From the September/October GRAIN JOURNAL
Corporate Safety Manager
ZFS Solutions LLC
“New employees go through safety orientation where we teach them OSHA standards and our safety policies.
“The actual safety training happens on the job from the people who do the job. For example, they learn about lockout/tagout during their safety orientation but then learn how to actually perform the procedure by shadowing other employees. Since they have some familiarity with it due to the orientation, they are able to ask good questions when they need help.
“We convey to all new and current employees that safety is a personal responsibility. For them to handle that responsibility, we need to give them all the information necessary, train them properly, and provide them with the correct tools. However, when it comes to performing the task, the employee will make the decision if they will follow what they have been taught.
“The last and most important requirement for our employees is to listen to themselves. If they have a feeling something is off, they should stop and look into it with their supervisor and/or a safety manager. Even if they cannot identify what is wrong, their brain has detected something, and it needs to be corrected before they proceed.”
Paul E. Gooch, CSP
CGB Enterprises, Inc.
St. Louis, MO
“I will discuss four parts of a good safety process. First, the pre-shift meeting is a critical part of the day. During this meeting, employees discuss the work that will take place, the hazards involved, and the plan for managing those hazards to an exposure as low as reasonably possible (ALARP). During this time, management has the opportunity to set up employees for success by making sure they have the equipment and tools to complete the job, the completed paperwork for critical tasks, and a review of the hazards. These are just a few of the discussion topics during the pre-shift meeting.
“New employee training and mentoring is another key part of a good safety process. We have recently changed our new employee training by adding online training, which consists of four modules. Training starts on the first day with new employees taking training module one online at their own pace, which takes approximately two hours. After completing module one, the new employees are paired with a mentor who will show them parts of the hands-on training in the field. When new employees return to work on day two, they will complete module two and work with their mentor. New employees continue this training process until the completion of all four modules. Mentors will continue to work with the new employees until they determine the employee can complete tasks successfully without supervision. The mentoring process may take a few weeks to more than a month. And when new employees start a task they have not done beforte, we pair them with a mentor.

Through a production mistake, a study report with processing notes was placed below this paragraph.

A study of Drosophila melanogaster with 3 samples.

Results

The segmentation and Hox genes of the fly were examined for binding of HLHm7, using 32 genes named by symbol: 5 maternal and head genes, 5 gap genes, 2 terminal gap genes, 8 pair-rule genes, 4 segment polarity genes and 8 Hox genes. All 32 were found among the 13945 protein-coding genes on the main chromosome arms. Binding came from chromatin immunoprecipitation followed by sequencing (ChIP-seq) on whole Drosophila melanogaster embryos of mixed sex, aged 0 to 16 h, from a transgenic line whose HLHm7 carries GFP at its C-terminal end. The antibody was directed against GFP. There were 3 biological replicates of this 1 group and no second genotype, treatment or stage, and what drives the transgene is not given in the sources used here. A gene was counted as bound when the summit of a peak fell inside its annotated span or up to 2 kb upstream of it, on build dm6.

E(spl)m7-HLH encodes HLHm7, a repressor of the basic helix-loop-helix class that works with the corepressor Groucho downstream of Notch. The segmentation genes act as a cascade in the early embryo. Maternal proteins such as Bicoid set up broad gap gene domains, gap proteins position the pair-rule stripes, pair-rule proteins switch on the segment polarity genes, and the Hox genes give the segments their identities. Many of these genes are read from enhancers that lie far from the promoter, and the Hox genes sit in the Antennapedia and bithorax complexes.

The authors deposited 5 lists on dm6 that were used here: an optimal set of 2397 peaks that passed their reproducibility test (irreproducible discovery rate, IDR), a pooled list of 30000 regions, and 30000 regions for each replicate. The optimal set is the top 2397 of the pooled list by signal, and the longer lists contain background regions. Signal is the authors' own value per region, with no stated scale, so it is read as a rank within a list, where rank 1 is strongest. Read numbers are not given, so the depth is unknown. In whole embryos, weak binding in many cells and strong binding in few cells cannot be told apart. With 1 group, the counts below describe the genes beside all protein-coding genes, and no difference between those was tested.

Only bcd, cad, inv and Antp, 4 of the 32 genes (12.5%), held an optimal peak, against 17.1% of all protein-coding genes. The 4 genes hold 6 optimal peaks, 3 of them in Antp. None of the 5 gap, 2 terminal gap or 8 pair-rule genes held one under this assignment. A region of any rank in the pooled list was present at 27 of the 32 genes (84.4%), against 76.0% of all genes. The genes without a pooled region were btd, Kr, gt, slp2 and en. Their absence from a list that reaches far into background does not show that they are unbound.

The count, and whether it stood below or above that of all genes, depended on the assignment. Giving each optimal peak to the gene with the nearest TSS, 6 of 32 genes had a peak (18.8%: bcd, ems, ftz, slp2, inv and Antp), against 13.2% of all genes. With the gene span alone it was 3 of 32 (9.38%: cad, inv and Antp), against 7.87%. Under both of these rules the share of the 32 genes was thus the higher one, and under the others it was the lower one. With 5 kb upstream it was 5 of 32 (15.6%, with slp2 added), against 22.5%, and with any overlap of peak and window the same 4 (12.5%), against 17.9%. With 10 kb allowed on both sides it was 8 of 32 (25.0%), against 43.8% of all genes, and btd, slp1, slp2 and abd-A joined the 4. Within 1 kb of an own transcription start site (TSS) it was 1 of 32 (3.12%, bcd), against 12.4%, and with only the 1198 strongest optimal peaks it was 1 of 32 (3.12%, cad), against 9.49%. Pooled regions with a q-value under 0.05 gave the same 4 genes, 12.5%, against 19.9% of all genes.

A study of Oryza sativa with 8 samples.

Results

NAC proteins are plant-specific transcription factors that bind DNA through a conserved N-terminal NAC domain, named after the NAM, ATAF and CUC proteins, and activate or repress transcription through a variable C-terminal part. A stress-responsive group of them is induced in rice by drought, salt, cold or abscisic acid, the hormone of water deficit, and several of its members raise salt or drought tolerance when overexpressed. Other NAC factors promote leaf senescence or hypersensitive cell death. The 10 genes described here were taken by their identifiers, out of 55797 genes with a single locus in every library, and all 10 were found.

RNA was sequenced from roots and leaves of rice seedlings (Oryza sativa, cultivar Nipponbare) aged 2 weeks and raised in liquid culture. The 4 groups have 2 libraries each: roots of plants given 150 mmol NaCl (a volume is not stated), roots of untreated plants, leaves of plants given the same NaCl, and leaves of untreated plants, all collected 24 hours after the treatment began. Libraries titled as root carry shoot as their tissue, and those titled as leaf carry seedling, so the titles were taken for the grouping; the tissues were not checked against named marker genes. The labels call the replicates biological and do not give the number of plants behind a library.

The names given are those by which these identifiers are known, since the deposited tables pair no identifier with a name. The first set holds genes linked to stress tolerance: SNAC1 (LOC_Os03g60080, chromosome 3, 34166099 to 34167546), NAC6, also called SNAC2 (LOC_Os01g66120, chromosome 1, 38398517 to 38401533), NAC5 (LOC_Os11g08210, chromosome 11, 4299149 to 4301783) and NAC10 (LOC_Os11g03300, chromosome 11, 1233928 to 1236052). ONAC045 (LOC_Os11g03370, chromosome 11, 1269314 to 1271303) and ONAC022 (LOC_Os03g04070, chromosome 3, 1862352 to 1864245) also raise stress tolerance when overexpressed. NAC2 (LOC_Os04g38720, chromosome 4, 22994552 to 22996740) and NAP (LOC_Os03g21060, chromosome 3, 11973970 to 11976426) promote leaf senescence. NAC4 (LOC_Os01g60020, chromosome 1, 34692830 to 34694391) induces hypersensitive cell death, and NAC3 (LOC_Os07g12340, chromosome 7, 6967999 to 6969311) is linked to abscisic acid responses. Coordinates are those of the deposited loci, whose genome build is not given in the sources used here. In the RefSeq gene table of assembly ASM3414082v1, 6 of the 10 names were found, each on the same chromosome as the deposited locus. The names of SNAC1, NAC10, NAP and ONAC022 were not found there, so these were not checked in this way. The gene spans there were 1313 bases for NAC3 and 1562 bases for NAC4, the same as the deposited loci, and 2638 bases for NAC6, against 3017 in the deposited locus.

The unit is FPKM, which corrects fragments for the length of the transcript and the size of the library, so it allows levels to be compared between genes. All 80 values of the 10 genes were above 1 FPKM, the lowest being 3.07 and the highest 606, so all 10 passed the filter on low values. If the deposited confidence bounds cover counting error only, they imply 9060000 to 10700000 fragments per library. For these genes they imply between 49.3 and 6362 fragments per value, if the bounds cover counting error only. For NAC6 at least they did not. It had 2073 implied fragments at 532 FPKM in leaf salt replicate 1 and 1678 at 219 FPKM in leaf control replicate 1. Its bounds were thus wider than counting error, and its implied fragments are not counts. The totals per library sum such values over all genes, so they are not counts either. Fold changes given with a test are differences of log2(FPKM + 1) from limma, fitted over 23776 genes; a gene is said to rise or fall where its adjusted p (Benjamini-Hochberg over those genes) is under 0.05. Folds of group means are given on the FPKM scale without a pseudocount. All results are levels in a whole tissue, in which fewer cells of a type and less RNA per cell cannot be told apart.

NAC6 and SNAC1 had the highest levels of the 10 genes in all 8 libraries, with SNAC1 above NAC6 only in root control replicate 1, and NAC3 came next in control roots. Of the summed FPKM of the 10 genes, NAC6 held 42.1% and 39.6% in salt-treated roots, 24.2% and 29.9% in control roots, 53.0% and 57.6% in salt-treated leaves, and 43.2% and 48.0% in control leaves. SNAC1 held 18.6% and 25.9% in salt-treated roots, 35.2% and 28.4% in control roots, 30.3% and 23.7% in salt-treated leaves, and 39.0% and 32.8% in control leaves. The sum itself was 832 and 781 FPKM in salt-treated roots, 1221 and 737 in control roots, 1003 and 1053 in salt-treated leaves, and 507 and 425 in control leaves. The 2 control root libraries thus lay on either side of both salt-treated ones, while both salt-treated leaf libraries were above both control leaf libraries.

“Taking care of each other is the third critical part of a good safety process. We encourage employees to complete quality observations of other employees throughout the day. Once the observation is complete, then the employees discuss the observation, the parts of the operations that went well, and the parts to improve to reduce the risk ALARP. Management also completes observations of work by auditing critical tasks and completing ALARP observations asking these questions:
• Are employees following rules and procedures?
• Are employees using equipment as designed?
• Are employees using personal and others’ experiences?
• Are employees using good work practices?
• Are employees continually reassessing?
“The fourth aspect of a good safety process is housekeeping, which is a fundamental part of safety. If employees are not taking care of housekeeping, then they are probably not applying other parts of the safety process. Poor housekeeping also can lead to trip and slip hazards that are preventable. And housekeeping in the grain industry is critical in the boot pits and tunnels, because poor conditions in these areas can lead to a catastrophic event.
Remember, I’ve discussed only four aspects of a good safety process. There are many parts to a good safety process that work together to reduce risk ALARP.”
Chris Potts, CSP
Safety and Security Director
Perdue Agribusiness LLC
“Doing pre-work risk assessments is probably the thing we work on the most. If we don’t know how to perform a task safely, we stop and determine the safest course of action. With all of the regulations we have to follow, we want to make sure we’re on top of everything. But, I think more than anything, it’s staying dedicated to a disciplined approach in everything we do.”
Derek Farmer, CSP
Director of Occupational Safety
The Scoular Company
Overland Park, KS
“One of the most important tenets we follow is to treat safety as a value. This means your team autonomously evaluates risk in the workplace while performing tasks. Safety is more than displaying a banner with a clichéd motto.
“We also believe leadership behaviors are very important. Safety training alone does not work. Leaders send messages even when they don’t mean to, so we need to ask ourselves, what message are we sending? In other words, we need to be learning behavior patterns that send a consistent nonverbal message that supports our verbal communication.
“Lastly, we follow the 80/20 rule. Spend 80% of your time on the fatality and serious injury risk in the company and 20% of your time on the higher frequency but lower severity areas. In the past, many lagging indicator programs had safety chasing the higher probability and low severity that we spent most of our time on the wrong risk.
“The creation and belief in these principles have to be top-down initially, but the action/evidence absolutely comes from the bottom-up. When safety is a value, you don’t have to lead or push the safety effort, employees do it for you.”